Review: Ready Player One

I both loved this book and really disliked parts of it. If you haven’t read it, here’s what it’s about.

The text below contains some spoilers.

Key details:

Author:

Ernest Cline

POV/Viewpoint character:

First person, immersive. Wade Watts (online avatar: Parzival) – an orphaned teenager living in the ‘stacks’ in Ohio, the mid-twenty-first century equivalent of a trailer park.

Worldbuilding basics:

The book is set in a dystopia in 2044. After multiple global catastrophes and scarce natural resources, most people live out large parts of their lives in a VR simulation of reality, the OASIS. This is mostly where the story takes place. The designer of the simulation has died and has left several easter eggs (a set of keys and gates to clear) in the simulation. The first person to find them all wins a large amount of money and access codes controlling the simulation among many other things. The easter eggs all link to 80s Anglo-American/pop cultural references to do with famous shows, artists, videogames etc.

Professional bounty hunters (gunters) are searching for the easter eggs. An evil corporation (IOI) has a division of bounty hunters (Sixers) with the best resources at their fingertips.

Ready Player One scoresheet

Worldbuilding:

I found the world easy to plug in to, and it quickly sparked my imagination. I was born in 1984 and am maybe five or ten years too young to get most of the Anglo-American 80s pop cultural references. Readers who don’t know any of them would likely find the book frustrating or boring. However, if you can get 30% or more of the references then that’s enough to build a picture in your head and get a sense of the world being created.

The references gave the book a fan fiction vibe, but I didn’t feel like Cline was namedropping. It was clear he has a mad passion for this period.

Storytelling:

The basic premise of the story is a quest: can the underdog gunters and Parzival find the easter eggs before the Sixers?

The author did well in building empathy for the main character, and in building up suspense and excitement etc. I learnt of the book when reading Save the Cat! as this was an example book that Jessica Brody used to illustrate the model. Cline used that model well to keep the reader interested.

The first person POV worked well as it was immersive, perfect for plugging the reader into the immersive VR system.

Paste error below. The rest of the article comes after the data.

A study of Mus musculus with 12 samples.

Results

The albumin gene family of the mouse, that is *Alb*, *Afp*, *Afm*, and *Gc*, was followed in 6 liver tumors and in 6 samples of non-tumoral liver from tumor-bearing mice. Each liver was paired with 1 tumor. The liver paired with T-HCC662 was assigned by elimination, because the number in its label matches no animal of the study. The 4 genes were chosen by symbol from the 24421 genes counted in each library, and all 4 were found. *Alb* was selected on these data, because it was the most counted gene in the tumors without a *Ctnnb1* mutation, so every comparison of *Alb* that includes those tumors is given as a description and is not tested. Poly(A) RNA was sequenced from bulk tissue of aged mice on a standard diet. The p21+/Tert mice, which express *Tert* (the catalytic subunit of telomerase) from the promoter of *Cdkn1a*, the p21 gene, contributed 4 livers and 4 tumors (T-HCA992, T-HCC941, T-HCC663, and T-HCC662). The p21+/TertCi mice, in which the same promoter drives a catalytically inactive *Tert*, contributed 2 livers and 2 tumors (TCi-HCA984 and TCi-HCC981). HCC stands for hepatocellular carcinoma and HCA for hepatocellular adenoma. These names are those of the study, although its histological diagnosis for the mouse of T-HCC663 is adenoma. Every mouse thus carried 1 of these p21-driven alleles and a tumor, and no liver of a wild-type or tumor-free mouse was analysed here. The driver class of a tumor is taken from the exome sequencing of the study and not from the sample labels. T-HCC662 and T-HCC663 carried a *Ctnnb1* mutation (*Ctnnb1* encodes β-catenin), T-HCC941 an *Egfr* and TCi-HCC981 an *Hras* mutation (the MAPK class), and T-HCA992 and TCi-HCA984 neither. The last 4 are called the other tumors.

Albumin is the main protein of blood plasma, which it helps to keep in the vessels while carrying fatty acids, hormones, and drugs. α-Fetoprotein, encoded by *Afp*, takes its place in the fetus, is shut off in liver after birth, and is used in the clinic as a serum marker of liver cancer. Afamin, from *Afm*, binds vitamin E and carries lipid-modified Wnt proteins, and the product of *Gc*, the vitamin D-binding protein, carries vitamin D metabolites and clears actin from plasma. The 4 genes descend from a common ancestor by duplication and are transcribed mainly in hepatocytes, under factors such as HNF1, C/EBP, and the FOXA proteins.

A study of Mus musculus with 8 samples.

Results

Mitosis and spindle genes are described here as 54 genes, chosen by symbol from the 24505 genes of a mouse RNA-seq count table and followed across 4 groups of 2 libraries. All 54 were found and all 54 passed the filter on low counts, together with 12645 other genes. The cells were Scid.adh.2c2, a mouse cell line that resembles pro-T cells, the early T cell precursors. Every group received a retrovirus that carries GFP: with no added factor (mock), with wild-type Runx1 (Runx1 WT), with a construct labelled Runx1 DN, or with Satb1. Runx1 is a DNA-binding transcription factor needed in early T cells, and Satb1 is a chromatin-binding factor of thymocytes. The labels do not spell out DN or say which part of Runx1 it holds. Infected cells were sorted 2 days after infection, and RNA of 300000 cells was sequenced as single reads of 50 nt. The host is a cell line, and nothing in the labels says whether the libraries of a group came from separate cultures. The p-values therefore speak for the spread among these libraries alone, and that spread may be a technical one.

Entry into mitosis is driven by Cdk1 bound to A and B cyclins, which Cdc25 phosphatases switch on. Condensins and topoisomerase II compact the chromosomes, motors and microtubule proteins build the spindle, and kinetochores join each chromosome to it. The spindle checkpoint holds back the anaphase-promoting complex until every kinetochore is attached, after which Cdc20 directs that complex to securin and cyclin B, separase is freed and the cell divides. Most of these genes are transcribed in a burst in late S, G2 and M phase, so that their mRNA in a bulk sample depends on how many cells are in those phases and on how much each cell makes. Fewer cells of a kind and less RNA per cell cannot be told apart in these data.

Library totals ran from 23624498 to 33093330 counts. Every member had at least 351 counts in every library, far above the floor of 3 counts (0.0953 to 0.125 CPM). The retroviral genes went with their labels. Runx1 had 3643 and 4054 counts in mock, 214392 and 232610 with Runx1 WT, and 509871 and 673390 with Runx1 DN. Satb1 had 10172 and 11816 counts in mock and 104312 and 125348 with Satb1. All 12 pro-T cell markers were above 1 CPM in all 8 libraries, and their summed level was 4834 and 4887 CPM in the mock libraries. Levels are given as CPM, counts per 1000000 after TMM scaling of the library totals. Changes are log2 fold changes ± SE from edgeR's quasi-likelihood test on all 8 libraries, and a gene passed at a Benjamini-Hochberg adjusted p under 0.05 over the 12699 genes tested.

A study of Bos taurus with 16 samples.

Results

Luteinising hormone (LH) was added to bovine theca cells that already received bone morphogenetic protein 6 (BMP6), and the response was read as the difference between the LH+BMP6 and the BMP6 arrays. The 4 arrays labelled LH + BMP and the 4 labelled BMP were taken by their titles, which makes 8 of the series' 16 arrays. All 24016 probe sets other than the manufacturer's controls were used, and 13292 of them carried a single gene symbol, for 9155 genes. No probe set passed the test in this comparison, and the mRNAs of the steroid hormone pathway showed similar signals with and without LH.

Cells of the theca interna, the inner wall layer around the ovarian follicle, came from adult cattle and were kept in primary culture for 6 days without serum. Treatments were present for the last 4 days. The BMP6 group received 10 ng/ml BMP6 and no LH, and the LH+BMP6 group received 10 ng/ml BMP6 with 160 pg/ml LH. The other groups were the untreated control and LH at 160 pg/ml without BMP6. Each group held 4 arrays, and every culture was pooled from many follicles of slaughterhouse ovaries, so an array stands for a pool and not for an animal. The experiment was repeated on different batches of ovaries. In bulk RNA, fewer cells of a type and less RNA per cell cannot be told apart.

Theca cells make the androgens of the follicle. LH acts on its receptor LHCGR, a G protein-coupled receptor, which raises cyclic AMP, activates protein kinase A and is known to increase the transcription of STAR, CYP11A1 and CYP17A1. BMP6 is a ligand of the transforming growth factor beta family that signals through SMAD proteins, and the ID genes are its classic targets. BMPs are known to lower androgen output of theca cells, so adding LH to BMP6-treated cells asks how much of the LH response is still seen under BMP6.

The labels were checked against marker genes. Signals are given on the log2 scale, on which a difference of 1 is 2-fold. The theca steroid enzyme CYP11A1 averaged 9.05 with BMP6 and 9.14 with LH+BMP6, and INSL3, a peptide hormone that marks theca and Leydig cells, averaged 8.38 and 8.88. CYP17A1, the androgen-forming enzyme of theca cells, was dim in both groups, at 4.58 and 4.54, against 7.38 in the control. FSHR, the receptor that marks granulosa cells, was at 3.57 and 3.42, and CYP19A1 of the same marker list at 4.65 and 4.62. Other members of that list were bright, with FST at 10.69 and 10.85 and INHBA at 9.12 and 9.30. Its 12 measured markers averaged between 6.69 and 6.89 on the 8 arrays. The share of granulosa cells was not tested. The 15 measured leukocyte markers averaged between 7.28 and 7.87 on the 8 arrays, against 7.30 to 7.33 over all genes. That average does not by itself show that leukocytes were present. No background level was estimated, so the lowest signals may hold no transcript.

The plot development felt flimsy though. There was no deep conflict or betrayal, besides the Sixers v gunters opposition. The Sixers were the baddies who got their comeuppance, while Parzival seemed to coast through every challenge, test, or obstacle that came his way, much like a teenager playing a video game they know well.

The book’s messaging was incoherent, which is fine. However, some of the ideas – of nerdy het cis underdog boys from working class backgrounds taking out their anger on the world, buying guns etc., leaves a nasty taste after the Trump administration. Generalising, my main issue with the book (besides the lack of inclusive language and character issues) was that it left this particular (privileged) white nerd experience unexamined.

Sentence-level issues:

Cline is a screenwriter and this might explain why large parts of the book tended to shift between heavy exposition (painting and setting a scene) and dialogue. This is something a developmental editor would likely call him out on. Anyway, it didn’t bother me as I’d already become invested in the story and am used to handling a lot of exposition.

Characters:

Ready Player One falls down massively in its characterisation and the unquestioned male, heterosexual experience it draws on throughout. Most of the characters felt like afterthoughts; Art3mis’s character was more a reclusive teenager’s idea of a woman, and she functioned as a manic pixie dream girl in the story. She had no back story and Cline barely developed her character. There were several transphobic comments in the book and Cline handled the part in which Wade Watts became morbidly obese badly. There were nods to diversity such as the character of Aech (his best friend, a male avatar, was a black lesbian woman), but it felt very much like attempts to convey a sense of diversity without really engaging with different sets of experience.

Conclusion:

Some reviewers have compared the success of this book to the Twilight series. The writing can be mediocre if a story works its way inside a person’s inner child and catches their imagination. Once that’s happened, you start seeing and imagining the world through the lens of the fantasy conceit and ideas at the heart of the book. This happened to me!

For success on this scale, there needs to be a big enough audience whose inner child’s imagination can be captured. To do that, an idea needs to speak to a social group’s experience and the ideas they have about the world – the younger the better. The world this book creates was, in part, the world of my childhood, playing Nintendo and SEGA Master System games; playing arcade versions of Pac-Man at the local leisure centre. Because those experiences are so deeply buried yet not particularly examined, this world really came alive to me. And I suspect this will be true for many more people from my generation upwards in more Western environments.

Finally…

I’ve picked this text as one that I will analyse during my fiction developmental editing training, which I plan to complete over the next six months. I’ll return to this review once I can bring more of these insights to my commentary.